Tax Rises For Landlords Means Tenants Could Face 30% Rent Increase

Decisions made by the former chancellor in the 2015 Summer Budget are coming into effect in April this year which could see landlords struggle to make a profit. As the new tax changes could see landlords struggle, it is likely that tenants will have to foot the bill and that we will see up to a 30% rent increase across the market.

The former chancellor, George Osbourne created mortgage interest tax relief reforms, that means that come April 2017, landlords will not be able to deduct all of their mortgage interest when they work out their profits. It is predicted that this change will force up to two million landlords in the UK up to the next tax bracket.

The new changes were designed to make it easier for first-time buyers to enter the property market. This seems incredulous by some economists as increasing rent will make it harder for first-time buyers to save for their investment and will make it more challenging for young people to find a place to live as these changes will squeeze the supply of rental property. In fact, a recent ARLA survey suggests that in light of these new changes, 58% of landlords are considering reducing their investment in rental properties and 66% of landlords predict that the tax changes will mean there is pressure to increase rent prices.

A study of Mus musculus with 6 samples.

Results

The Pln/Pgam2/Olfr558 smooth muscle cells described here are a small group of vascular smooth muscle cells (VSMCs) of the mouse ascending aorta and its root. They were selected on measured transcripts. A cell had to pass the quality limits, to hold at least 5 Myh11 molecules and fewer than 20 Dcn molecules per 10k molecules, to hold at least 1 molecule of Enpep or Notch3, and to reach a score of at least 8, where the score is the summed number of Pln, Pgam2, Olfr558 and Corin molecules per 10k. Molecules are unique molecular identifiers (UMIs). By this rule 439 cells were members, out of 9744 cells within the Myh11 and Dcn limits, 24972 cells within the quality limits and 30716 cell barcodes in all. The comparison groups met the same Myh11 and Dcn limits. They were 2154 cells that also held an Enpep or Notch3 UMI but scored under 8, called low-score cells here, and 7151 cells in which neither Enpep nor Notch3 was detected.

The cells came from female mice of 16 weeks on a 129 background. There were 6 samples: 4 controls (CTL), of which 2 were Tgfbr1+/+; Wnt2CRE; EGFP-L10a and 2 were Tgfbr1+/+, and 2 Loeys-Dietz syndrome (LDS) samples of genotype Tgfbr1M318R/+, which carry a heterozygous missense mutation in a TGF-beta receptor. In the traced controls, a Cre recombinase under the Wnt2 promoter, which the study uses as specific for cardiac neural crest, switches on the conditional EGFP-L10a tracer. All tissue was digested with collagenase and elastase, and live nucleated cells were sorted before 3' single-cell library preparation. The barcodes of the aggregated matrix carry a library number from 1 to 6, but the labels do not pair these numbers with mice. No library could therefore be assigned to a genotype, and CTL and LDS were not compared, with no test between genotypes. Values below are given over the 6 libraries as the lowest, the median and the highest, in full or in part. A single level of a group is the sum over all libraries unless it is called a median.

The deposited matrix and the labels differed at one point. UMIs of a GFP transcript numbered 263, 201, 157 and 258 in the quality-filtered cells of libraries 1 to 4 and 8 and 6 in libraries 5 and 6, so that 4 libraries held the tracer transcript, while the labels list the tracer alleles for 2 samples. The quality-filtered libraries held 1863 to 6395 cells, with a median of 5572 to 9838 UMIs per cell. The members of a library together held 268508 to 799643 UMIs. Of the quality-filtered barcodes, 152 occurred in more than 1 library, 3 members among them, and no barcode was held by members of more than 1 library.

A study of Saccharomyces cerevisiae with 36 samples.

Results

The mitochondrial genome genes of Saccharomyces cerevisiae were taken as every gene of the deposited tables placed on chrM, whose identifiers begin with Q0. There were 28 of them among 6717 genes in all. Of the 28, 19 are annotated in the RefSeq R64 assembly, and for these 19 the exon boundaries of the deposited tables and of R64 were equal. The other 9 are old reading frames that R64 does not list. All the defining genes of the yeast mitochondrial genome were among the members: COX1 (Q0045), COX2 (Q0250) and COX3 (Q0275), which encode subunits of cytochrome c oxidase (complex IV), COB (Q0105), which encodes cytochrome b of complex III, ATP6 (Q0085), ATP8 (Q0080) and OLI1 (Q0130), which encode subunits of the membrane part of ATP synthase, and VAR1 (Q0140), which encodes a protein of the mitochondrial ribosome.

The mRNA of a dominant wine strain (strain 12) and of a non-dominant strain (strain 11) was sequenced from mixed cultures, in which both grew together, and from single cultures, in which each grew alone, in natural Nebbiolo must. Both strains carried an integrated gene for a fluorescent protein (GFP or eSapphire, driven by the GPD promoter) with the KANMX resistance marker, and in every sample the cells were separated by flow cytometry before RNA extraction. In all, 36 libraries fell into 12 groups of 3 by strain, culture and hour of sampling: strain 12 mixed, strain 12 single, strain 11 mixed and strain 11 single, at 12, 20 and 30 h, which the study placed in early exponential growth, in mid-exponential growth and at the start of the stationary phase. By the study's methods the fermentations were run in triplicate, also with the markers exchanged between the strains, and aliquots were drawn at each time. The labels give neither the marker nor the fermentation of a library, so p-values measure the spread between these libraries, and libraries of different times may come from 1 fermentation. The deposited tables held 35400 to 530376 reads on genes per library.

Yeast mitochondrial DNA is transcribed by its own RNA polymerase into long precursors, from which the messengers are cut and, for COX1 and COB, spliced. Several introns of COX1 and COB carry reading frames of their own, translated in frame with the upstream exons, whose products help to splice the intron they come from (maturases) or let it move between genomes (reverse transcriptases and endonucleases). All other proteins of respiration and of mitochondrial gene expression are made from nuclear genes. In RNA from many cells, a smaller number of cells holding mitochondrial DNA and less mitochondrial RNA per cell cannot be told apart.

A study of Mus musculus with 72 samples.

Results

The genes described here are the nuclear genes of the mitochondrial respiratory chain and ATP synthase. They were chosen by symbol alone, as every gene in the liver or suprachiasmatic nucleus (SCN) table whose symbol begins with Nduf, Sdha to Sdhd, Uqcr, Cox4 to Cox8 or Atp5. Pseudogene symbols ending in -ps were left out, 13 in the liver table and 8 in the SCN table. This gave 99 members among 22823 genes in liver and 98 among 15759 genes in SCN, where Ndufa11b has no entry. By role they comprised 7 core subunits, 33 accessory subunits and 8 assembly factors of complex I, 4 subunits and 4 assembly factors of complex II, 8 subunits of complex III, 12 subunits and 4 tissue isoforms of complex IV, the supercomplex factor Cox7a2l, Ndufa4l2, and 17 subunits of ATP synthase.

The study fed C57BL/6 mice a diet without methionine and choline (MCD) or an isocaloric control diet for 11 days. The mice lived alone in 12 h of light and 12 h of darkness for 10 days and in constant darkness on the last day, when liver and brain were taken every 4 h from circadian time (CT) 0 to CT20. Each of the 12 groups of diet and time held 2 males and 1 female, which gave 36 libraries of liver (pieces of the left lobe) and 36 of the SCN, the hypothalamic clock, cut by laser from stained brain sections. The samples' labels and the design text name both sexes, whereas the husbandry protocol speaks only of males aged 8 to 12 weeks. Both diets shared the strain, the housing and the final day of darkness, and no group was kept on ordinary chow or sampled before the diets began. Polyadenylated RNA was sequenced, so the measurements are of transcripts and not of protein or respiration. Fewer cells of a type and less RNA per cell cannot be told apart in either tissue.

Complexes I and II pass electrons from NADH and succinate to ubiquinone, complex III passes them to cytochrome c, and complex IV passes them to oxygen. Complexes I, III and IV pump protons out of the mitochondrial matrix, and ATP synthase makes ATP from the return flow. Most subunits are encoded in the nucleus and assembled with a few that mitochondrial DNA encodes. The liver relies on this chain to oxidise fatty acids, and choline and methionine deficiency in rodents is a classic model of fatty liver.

With numerous experts predicting an adverse impact on landlords and the private rental sector, there has been increasing resistance against the Government for going ahead with these proposed changes. In fact, a Professor of Financial Economics, David Miles, predicts that rents would have to rise between 20% and 30% to offset the government impact. This is not only making life difficult for tenants struggling to afford the fees, but for landlords who may struggle to rent out their property.

With this potentially damaging situation occurring imminently, there is increasing pressure from many committees to halt the Government in this controversial decision. The Residential Landlords Association (RLA) believe there is much more that the Government can do to help landlords.

It has been found that thanks to the extra revenue raised in surcharge stamp duty, among other cost savings, that the Government has raised £1.19 billion in tax, which is £560 million more than predicted. As some of this revenue was formed from stamp duty, the RLA and many other organisations believe that this sum should be used to give landlords a break and support the rental market.

As the time is nearing ever closer, changing the reform process is now considered a matter of urgency to protect the rental market, support first-time buyers and not let the already limited number of properties available become affected.